Report Shows Electronic Health Records Fail to Make Advance Medical Directives Available to Doctors When Needed
Our firm recommends clients use an electronic registry for their Living Wills, Health Care Powers of Attorney, and HIPAA Releases to make sure these vital documents are instantly available 24/7/365 at any hospital. These legal documents are commonly referred to as Advance Directives or Health Care Documents.
We include a year’s free enrollment in the DocuBank electronic registry at no cost with every new estate plan to make sure our clients or their doctors have immediate access to their Advance Directives. Now there is new information to confirm why instant and reliable access to Advance Directives is so important.
Many hospitals and health provider systems have implemented computerized database systems to make patient medical records available to doctors and other providers in the system. This is referred to as Electronic Health Records (EHRs). You might expect that these systems would make it easier for doctors to access their patients’ Advance Directives at the hospital, especially in an emergency. But a recent news report in in USA Today/Kaiser Health News reports a different reality.
Advance Directives, as you may recall, are the documents that give you control over your medical care even if you are unable to speak for yourself. Our firm includes these documents as part of every estate plan we create. In these legal documents, you designated someone to make health care decisions for you if you cannot speak for yourself, give your preferences on what types of treatments you would or would not want, and authorize who you want to have access to your confidential medical information.
Ironically, electronic medical records, which are supposed to help find patient information, create their own problems, the article explains. One issue is that different electronic medical records are incompatible, meaning that hospitals usually can’t share your Advance Directives among them or even, more surprisingly, between different departments of the same hospital. As a result, you could be admitted to an Emergency Department, which may have one EHR, and it might not be able to get your medical-legal documents in the hospital’s main EHR.
Another problem is that it takes too long to find your Advance Directive because most EHRs aren’t set up to store them in an easily accessible way. “If [medical staff are] not able to access the Advance Directive quickly and easily, they’re honestly likely not to use it,” says Torrie Fields, senior program manager for palliative care at Blue Shield of California.
In addition, the article affirms what we already know: patients frequently (and understandably) forget to bring their Advance Directives with them when they have a scheduled hospital visit.
Lack of availability of your Advance Directives can be an especially big problem in the ER, where it’s extremely important that your doctors and loved ones have instant access to these documents and therefore to your wishes. A survey of ER doctors last year found that 93% are “less frustrated” when Advance Directives are “easily accessible,” and the vast majority of them said the documents let them provide better care and that family members are more satisfied.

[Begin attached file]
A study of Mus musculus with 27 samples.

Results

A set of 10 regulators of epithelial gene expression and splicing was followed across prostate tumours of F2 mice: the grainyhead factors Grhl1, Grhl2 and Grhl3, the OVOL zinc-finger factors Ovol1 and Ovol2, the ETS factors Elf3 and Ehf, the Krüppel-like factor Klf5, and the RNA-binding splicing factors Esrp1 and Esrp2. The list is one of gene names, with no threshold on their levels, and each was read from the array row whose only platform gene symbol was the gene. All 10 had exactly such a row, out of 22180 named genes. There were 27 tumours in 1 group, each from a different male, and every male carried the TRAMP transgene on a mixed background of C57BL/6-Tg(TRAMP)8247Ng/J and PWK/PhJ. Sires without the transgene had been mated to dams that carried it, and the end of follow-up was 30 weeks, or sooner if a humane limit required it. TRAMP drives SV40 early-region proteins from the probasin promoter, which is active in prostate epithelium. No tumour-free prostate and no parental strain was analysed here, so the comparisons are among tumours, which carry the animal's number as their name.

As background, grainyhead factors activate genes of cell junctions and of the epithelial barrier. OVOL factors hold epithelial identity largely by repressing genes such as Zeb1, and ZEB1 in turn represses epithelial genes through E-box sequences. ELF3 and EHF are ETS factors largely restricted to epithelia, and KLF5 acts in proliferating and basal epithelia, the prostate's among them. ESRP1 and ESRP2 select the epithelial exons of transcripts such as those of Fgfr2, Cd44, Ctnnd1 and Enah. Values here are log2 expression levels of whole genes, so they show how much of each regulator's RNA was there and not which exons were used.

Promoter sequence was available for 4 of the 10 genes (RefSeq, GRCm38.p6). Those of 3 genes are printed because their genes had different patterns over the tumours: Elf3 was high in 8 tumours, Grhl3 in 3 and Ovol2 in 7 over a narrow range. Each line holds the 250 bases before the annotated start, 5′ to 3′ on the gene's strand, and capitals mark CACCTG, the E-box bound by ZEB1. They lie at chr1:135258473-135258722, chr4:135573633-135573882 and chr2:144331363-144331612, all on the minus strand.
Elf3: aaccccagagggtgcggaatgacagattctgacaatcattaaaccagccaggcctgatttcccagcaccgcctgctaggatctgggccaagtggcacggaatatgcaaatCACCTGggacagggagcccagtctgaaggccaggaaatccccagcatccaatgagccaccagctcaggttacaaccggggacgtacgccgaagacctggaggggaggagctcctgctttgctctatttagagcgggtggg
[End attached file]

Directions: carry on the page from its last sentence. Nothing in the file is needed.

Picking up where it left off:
These problems are precisely why we started our policy a few years ago of registering our clients in DocuBank as part of their estate plan. We’ve heard the horror stories, and we wanted to make sure your doctors and loved ones can immediately obtain your Advance Directives so that you can get the best care — the care that you want. The DocuBank electronic registry is not plagued by the issues that surround EHRs. It’s quick, reliable, secure, and confidential. Plus DocuBank includes an added benefit of providing members with their SafeVault™ service. You can use SafeVault™ to store any legal or non-legal documents or information, protected by industry standards security measures.
If you have a DocuBank enrollment, you are provided a wallet card with all information and instructions necessary for a hospital staff person. Simply give your DocuBank card to hospital staff when they ask you for your Living Will, Health Care Power of Attorney, or HIPAA Release. They can get a copy immediately. (They’ll do this by visiting the DocuBank website or by calling the 800-number on the card to receive a fax.) You can also call DocuBank yourself to have your documents sent. Just ask the hospital staff for their fax number and call DocuBank on your cell phone! It works in any hospital, regardless of what system they’re using.
Want to start a DocuBank membership? Or renew a lapsed membership? Not sure about what your Advance Directives mean or want to make changes? Call our office at 513.721.1513 and we can schedule a review.